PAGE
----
We have all heard these words. Throughout so many seasons, for so many reasons. The I’m Sorry I want to discuss is the one I hear on occasion when I divulge my FASD diagnosis, and how I got it. I had a table at a farmer’s market in my town over the summer for the RunFASD Virtual 5k 2022. A man came over and asked what RunFASD was all about. I explained what FASD is, how it occurs in 1 out of 20 school age children in the United States, and is 1.5 times as common as autism. I explained my story and my diagnosis. “Oh, I’m sorry.” Came out of the man’s mouth. I was taken aback for a couple seconds. Then I just said, “Don’t be sorry. This is a teachable moment.” He smiled and walked away.
I was recently at another event, and I was discussing my diagnosis with a woman. “I’m sorry.” Again. I get it. I don’t know what other answer I would expect, to be honest. If roles were reversed, I would probably say the same two words.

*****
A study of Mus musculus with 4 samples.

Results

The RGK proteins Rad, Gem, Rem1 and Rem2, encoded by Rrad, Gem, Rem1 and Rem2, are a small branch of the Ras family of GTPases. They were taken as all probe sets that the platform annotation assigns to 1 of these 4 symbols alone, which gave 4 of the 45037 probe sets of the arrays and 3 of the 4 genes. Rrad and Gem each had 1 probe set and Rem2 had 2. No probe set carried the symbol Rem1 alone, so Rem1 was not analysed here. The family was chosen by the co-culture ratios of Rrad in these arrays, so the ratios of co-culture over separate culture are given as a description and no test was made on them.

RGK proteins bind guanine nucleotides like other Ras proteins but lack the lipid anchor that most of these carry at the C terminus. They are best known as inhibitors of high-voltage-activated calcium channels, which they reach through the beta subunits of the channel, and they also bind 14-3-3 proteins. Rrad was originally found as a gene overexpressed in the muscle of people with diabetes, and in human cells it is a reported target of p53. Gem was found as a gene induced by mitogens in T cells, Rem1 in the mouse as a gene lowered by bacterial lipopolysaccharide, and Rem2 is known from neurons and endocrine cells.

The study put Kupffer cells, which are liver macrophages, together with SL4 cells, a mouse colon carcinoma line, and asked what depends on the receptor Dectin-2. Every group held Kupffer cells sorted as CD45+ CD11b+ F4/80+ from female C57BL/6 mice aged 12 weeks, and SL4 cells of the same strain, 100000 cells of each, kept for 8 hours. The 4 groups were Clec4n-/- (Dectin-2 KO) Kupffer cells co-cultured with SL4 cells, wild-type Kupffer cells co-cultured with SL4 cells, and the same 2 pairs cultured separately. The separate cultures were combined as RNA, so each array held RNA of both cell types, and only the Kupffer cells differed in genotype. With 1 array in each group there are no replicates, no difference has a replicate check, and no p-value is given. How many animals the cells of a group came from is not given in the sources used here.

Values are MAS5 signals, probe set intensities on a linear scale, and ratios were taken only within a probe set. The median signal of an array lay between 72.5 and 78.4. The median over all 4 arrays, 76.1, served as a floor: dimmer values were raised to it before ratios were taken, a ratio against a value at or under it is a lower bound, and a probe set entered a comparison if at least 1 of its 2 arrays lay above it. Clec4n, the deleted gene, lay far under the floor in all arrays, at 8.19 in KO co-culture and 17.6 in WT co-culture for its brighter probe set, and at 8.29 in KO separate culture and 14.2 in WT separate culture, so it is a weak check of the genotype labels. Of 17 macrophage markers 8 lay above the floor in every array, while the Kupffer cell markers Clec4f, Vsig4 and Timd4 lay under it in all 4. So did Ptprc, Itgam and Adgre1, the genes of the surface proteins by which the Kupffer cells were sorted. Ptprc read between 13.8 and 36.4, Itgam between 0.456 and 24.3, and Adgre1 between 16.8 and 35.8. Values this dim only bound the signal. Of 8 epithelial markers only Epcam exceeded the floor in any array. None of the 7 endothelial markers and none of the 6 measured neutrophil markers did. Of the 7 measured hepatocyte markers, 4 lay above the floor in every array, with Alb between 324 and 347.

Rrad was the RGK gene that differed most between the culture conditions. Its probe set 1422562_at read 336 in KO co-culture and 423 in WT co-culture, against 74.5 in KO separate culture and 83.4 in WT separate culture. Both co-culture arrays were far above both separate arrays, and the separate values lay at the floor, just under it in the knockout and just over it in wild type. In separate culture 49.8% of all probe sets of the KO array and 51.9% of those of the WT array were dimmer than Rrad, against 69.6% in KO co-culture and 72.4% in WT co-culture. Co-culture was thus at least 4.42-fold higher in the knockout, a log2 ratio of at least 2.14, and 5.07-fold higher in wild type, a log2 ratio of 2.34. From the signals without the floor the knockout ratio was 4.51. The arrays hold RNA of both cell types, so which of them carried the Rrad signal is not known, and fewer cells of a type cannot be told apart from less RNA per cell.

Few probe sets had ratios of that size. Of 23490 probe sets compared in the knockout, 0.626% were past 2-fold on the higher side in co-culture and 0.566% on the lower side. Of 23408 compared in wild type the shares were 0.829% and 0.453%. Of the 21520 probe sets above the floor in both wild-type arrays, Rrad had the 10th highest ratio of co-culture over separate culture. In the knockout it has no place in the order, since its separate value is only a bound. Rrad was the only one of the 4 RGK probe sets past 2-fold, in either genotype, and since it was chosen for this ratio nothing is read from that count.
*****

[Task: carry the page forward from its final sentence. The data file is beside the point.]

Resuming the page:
Why though? Why do people choose to answer with, “I’m sorry?” These words are the one people say when they aren’t sure how to respond. They are easy to say, and the people mean well. I mean, FASDs are caused by a woman drinking during pregnancy. Of course, it is a cause to be sorry about. Saying, “I’m sorry” also comes from a lack of awareness and education about FASDs. The words come from the stigma that surrounds FASDs. Please try to understand, FASDs are not all doom and gloom. There are so many strengths! Empathy, sensitivity, laughter, people and animal lovers. These are just a few! Each of us have at least one thing we excel in. Mine are running, being creative, remembering details, writing stories and blogs. So to those who immediately think to say, “I’m sorry,” next time pause, and instead say, “Tell me more about that.”
This blog post is part of a series by Rebecca Tillou, an FASD self-advocate and author. To read Rebecca’s blog or to connect with her, click here!
For more information about FASD- visit our FASD Guide.